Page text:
She is Meg Whitman and she is running for Governor of California.
She’s tall, blonde and looks you straight in the eye on meeting. You tell her about a local shipping port issue. She asks for more details and clearly understands the economic significance of the issue in the greater scheme of things.
A few minutes later she’s at the podium telling her personal story in an engaging way, then shifting to the very large problems facing the state. In clear, crisp fashion she tells her audience what she wants to do about them.
She is Meg Whitman and she is running for Governor of California. Like Ronald Reagan more than four decades earlier, she is traveling the state introducing herself to potential supporters in cities and towns large and small.
Her audiences know the problems: a state budget that has shot up by 80 percent over the last 10 years; painful spending cuts and added taxes this year to get the budget temporarily balanced; a school system with results near the bottom of the 50 states; an overly large bureaucracy; an ineffectual legislature — for starters.
She says, “It’s better to do three things at 100 percent than 15 things at 20 percent,” and names the three: job growth, government spending, and education.
If you read that in a campaign brochure your reaction might be ho-hum, but hearing it from this woman who knows her issues and statistics gives the statement the ingredients needed: conviction and determination.
It’s widely understood that California’s regulatory burdens and high taxes are keeping new businesses out and driving away some existing ones. When she says she will set out to streamline the regulatory process “in a very aggressive way,” you believe her.
California’s government has been growing like mushrooms after the rain. She is determined to stop and, wherever possible, reduce that growth. She intends to review all programs with an eye toward consolidation where that’s appropriate, and elimination if they have outlived their usefulness.
As for education, of the state’s $70 billion annual spending, approximately half goes to administrative and overhead costs. Her goal is to bring that down to 20 percent, with 80 percent going into the classroom, including merit pay for exceptional teachers.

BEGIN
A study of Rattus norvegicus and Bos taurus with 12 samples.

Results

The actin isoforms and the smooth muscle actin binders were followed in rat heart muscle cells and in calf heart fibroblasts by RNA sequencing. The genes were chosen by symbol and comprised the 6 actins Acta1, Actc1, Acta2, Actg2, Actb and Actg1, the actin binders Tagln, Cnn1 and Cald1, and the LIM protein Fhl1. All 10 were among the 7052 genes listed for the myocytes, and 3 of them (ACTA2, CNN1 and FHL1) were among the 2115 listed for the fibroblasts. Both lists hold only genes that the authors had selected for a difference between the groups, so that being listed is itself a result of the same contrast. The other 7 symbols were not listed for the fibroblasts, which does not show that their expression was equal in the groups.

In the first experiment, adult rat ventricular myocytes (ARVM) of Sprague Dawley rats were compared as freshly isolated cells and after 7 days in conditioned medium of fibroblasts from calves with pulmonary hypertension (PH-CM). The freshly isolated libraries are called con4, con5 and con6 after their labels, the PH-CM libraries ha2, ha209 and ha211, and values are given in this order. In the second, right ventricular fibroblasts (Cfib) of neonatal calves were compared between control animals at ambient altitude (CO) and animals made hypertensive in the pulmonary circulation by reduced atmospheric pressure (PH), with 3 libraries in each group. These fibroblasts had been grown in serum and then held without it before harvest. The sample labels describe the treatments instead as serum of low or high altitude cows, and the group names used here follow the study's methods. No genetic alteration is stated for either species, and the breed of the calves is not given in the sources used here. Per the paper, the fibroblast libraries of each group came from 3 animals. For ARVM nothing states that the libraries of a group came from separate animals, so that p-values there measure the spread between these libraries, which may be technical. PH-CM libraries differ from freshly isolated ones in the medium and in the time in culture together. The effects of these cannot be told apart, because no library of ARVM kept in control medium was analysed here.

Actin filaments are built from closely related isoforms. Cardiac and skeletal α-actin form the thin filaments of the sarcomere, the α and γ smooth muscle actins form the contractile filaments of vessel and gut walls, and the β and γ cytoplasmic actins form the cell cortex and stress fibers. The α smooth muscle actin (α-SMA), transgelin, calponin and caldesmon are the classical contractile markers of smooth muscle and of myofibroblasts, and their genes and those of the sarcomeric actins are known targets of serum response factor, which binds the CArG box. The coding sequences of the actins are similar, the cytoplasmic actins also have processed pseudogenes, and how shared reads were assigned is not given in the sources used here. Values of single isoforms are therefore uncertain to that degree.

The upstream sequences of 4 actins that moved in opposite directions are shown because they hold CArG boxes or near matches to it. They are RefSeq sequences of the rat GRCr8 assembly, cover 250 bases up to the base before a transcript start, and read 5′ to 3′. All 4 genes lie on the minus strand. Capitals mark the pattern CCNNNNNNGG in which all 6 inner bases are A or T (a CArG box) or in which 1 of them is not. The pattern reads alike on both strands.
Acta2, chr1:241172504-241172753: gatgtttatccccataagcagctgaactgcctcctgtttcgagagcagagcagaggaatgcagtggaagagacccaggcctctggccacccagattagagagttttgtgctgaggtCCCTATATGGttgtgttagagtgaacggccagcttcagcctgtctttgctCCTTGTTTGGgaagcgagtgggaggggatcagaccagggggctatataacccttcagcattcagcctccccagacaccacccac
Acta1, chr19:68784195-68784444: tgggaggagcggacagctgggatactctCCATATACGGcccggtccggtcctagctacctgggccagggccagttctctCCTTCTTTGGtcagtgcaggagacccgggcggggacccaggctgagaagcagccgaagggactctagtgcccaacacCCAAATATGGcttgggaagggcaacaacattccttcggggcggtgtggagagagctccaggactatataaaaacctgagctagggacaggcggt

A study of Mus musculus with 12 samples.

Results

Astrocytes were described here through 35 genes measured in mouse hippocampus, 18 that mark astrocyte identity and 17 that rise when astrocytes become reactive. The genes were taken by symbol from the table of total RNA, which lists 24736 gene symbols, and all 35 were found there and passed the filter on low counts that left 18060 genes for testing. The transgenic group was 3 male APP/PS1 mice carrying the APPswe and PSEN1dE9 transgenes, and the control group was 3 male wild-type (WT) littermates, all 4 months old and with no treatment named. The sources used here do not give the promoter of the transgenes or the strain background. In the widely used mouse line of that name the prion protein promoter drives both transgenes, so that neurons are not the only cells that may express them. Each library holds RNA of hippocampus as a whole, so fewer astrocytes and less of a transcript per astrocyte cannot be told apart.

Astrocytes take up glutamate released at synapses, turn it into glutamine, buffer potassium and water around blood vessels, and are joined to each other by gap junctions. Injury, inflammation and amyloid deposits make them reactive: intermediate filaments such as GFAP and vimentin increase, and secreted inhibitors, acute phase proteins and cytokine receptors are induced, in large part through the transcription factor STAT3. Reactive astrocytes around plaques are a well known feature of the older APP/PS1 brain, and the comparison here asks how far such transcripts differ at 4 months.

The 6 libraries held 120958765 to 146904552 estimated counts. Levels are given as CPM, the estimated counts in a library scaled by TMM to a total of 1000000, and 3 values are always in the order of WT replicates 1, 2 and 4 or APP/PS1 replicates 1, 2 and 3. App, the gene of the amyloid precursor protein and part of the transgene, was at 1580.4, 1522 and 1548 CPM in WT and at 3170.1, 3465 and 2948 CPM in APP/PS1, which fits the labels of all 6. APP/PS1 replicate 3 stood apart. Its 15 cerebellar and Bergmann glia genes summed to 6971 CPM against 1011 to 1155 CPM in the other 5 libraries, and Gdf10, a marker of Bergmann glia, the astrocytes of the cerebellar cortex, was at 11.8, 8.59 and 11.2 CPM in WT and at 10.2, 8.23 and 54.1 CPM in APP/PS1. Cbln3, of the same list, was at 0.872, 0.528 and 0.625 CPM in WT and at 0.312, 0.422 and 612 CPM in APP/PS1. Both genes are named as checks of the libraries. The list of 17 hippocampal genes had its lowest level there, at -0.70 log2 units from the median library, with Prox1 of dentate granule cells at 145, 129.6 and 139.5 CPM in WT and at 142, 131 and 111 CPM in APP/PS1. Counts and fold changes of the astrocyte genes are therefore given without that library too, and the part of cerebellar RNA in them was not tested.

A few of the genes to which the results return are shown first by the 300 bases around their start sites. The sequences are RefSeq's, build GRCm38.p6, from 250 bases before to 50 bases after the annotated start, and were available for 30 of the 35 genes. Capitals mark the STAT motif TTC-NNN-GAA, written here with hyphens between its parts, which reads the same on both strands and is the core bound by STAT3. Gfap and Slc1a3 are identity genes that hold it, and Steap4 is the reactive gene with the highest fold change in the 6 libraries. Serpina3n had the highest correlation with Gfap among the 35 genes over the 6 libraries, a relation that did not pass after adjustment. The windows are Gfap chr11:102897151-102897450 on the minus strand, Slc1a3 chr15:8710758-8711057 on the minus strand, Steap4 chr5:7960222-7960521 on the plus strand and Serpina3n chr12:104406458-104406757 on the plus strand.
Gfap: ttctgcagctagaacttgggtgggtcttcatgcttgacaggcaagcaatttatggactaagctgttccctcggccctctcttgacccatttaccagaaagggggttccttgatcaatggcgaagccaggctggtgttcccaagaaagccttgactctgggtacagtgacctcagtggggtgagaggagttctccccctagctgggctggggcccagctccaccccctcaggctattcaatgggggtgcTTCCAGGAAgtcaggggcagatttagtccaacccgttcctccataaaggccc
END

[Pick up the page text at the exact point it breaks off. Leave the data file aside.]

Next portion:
There are entrenched constituencies for the status quo in all of three areas of her focus. The legislature has been controlled by the Democrats for most of the last 50 years. They still live in the reflected glow of the steady growth of the Fifties and Sixties (before many of them were born). Then, the answer to any problem was, do it; we’ll find the money (in taxes, tolls, licensing fees) and the state seemingly could always afford it. Population was always growing; so were revenues.
No more. The public is used to having a can-do spirit, but unwilling to pay for it. A steady dose of reality, coupled with optimism, is what is needed. And that is exactly what Meg Whitman communicates. Like Ronald Reagan, her demeanor is friendly and upbeat, but determined.
She understands the complicated interrelationships of institutions. She got her start in management consulting, with Bain & Company, Mitt Romney’s company. Later, she moved to eBay, then a small online auction company with 30 employees. She piloted it to $8 billion in annual sales and 15,000 employees. It is very pro-entrepreneur. “Today, 1.3 million people make most or all of their living on eBay,” she says.
As one person said after her presentation, “The politicians — mostly men — have messed things up in Sacramento for years. Maybe it’s time to let a smart, successful businesswoman have a crack at it.” Indeed it may be.
Like Ronald Reagan, she has clear convictions, the determination to carry them out against a large, usually unmovable object — state government, and the optimistic, sunny personality needed to roll with the punches. Is she the next Reagan? Maybe so.